The following points caught my attention.

The modern kits that I know add the bentonite at the beginning not in the middle. I would add at the beginning.

All of the kits that I know recommend just sprinkling the yeast on the must in a primary. This is difficult if starting in a carboy. I will continue to start in a primary, and sprinkle the yeast.

I don't think stirring the yeast in primary is necessary. Stirring due to grape skins, other fruit, or oak...yeah...good idea, although I often forget.

Changing clarifying agents....I probably wouldn't, but to each their own.

Steve
 


Greg
 


Seems to me there is a big difference in the amount of oxygen involved between airlock and a cover.

That link to winemaker mag, says let the hydrometer be my guide. No problem, I can do that, but whats the point in racking after 6-10 days to a different vessle if there there will be no difference? is it just to get it off the lees after a week?

So should I take the air lock off and let it breath to start?
 

smurfe


Seems to me there is a big difference in the amount of oxygen involved between airlock and a cover.

That link to winemaker mag, says let the hydrometer be my guide. No problem, I can do that, but whats the point in racking after 6-10 days to a different vessle if there there will be no difference? is it just to get it off the lees after a week?

So should I take the air lock off and let it breath to start?
I believe the reason it says place an airlock in the lid is to basically fill the hole in the lid of the primary so contaminants can not get in. You could throw a towel over the lid with the same results. You want the oxygen that is inside the container but you want to keep other stuff out like fruit flies.

There are a couple different reasons to rack out of the primary after 5-7 days or so, particularly when the SG reaches 1.010. First reason is the fermentation is not producing as much CO2 which blankets the must in the bucket and protects from oxygen. There is still CO2 present but not as high levels as the yeast are dying off. There is a chance oxygen can get to the wine. When you rack to the carboy, you still do not top up yet. There is still enough CO2 to blanket the wine as the surface area has been greatly reduced.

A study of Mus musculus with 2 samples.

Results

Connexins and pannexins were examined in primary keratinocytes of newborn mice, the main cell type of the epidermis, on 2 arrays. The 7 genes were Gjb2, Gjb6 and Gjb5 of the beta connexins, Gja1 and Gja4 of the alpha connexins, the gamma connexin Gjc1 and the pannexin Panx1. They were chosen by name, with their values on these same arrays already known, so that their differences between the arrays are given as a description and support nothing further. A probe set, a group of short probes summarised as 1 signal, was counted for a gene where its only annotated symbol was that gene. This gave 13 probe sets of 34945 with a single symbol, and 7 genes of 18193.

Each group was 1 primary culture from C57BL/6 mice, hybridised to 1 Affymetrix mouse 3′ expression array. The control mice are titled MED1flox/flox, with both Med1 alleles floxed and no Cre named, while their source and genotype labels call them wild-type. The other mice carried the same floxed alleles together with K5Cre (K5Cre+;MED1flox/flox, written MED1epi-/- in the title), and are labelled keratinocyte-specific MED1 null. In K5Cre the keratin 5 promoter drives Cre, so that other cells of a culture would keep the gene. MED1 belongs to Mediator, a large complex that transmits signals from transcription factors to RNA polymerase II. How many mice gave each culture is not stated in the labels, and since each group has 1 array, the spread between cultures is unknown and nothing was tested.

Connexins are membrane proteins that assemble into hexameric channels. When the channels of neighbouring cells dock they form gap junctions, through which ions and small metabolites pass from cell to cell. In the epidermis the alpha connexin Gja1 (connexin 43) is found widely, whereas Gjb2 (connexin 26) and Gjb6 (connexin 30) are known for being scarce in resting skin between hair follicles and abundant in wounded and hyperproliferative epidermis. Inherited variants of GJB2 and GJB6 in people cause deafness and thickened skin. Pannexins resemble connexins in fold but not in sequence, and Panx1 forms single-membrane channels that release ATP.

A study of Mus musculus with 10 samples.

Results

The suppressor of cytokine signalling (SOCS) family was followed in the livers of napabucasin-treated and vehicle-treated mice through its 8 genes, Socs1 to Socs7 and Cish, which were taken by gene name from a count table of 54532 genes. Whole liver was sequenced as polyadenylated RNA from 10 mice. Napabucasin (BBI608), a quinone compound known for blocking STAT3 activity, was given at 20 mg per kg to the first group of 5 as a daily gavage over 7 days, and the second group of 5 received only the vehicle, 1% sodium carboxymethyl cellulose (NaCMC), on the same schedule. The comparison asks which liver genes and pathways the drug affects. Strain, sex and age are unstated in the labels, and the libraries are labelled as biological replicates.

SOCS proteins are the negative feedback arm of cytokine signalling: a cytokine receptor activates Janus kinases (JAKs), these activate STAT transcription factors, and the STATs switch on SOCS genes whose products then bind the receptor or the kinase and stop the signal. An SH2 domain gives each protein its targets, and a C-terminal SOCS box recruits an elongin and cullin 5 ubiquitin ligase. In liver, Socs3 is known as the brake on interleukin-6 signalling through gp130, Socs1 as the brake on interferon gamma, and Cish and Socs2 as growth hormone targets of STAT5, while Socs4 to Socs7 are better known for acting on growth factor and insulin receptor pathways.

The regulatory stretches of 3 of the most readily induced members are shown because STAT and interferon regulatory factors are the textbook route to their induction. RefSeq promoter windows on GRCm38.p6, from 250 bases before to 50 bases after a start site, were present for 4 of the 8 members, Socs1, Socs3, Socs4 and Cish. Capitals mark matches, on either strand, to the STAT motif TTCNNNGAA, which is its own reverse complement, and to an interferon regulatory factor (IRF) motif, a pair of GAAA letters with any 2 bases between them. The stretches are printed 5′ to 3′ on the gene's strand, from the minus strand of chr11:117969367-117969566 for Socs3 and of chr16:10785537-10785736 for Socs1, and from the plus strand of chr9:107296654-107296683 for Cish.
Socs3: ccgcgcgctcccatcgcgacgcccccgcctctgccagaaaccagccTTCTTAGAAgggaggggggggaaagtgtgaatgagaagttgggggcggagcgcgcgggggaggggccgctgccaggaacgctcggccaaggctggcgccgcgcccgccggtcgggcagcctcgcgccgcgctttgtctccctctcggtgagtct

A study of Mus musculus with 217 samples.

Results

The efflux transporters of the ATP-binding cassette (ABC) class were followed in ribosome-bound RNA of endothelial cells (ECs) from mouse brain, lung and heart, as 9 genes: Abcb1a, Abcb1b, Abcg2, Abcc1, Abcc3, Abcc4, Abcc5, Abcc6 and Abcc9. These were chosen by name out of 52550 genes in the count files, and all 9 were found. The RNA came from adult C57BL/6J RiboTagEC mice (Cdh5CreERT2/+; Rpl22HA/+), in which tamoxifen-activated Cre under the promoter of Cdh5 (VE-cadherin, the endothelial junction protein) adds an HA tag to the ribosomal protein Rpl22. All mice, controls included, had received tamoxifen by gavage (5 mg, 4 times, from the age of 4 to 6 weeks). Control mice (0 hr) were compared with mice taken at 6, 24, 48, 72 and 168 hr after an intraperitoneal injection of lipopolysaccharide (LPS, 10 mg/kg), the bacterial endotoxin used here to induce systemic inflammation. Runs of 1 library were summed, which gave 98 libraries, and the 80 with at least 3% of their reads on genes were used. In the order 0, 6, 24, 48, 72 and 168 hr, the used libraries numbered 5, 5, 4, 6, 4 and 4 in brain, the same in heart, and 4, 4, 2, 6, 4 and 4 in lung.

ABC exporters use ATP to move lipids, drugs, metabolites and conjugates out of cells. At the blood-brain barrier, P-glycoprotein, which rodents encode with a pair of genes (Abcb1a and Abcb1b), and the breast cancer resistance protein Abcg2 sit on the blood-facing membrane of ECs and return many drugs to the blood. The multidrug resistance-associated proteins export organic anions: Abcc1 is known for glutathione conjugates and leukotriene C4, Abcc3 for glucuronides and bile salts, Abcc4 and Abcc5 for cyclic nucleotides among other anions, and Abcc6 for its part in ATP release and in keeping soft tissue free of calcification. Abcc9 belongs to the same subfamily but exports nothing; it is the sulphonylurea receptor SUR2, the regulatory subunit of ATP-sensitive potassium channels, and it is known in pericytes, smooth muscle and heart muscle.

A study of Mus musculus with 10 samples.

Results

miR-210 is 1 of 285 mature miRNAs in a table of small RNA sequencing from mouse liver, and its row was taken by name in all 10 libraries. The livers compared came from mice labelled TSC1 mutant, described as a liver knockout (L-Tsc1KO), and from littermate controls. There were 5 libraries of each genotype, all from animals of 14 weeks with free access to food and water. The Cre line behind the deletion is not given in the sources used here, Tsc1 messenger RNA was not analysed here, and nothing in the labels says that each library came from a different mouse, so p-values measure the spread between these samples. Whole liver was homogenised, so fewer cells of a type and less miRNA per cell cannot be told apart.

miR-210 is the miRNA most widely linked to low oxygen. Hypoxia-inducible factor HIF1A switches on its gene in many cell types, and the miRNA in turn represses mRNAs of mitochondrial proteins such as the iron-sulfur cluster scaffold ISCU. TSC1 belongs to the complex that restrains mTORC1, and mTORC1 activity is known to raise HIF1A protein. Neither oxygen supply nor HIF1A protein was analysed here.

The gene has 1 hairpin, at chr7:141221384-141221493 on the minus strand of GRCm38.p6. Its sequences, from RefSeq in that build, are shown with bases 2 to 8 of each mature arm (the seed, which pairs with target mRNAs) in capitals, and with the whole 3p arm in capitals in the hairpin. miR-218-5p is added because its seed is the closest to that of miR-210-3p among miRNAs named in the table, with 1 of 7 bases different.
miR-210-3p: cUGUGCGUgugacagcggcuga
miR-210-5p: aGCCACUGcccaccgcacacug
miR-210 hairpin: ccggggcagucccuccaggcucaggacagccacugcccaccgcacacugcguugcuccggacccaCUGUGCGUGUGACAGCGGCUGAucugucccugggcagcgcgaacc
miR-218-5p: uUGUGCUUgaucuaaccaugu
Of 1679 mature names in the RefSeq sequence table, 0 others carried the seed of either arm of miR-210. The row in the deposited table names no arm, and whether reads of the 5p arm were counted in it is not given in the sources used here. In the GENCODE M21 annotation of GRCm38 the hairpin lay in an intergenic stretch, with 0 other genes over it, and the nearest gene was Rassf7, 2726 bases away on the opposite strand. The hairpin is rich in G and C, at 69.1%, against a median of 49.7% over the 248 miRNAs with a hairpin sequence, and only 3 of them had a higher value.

Second reason is if there is oak added to the kit you get the wine off of the oak. They normally use either chips or powder for oaking which extracts its flavor much faster than cubes. If you leave the wine in the primary for extended periods of time on oak, you could over oak the wine.

I follow the first few steps of the kit instructions very closely until I get the wine off of the gross lees. After that, I basically bulk age until I find time to bottle.

Smurfe :)
 

cpfan


The Vino del Vida instructions are trying to cover use of both styles of primary fermenters. If the air lock isn't mentioned, people ask about it. If the air lock is mentioned, people ask about it. Apparently if both are mentioned, people ask about it. Can't win.

Steve
 

dubulup


I very much enjoy these extended instructions(big reds), however I do integrate into whatever kit I'm brewing at the time; as anothers have said. For the most part it seems mostly to rely on natural degassing and bulk aging.


These are my questions:



Why take a gallon of raw must, no oak treatment, and set aside for the primary fermenting to add later; day 7-9?
My guess...some what of a yeast nutrient? And maybe to smooth the oak treated must??


Why take 200ml out around day 30, stir in clarifier and add back after?
My guess...a little gassy wine to add to the blanket for clarifying.


I'd love to hear others thoughts on removing a portion of wine at certain times and adding back later.


I think the main reason I like these instructions is to remind me to slow down and not expect nice wine in 6 weeks...and I like tinkering.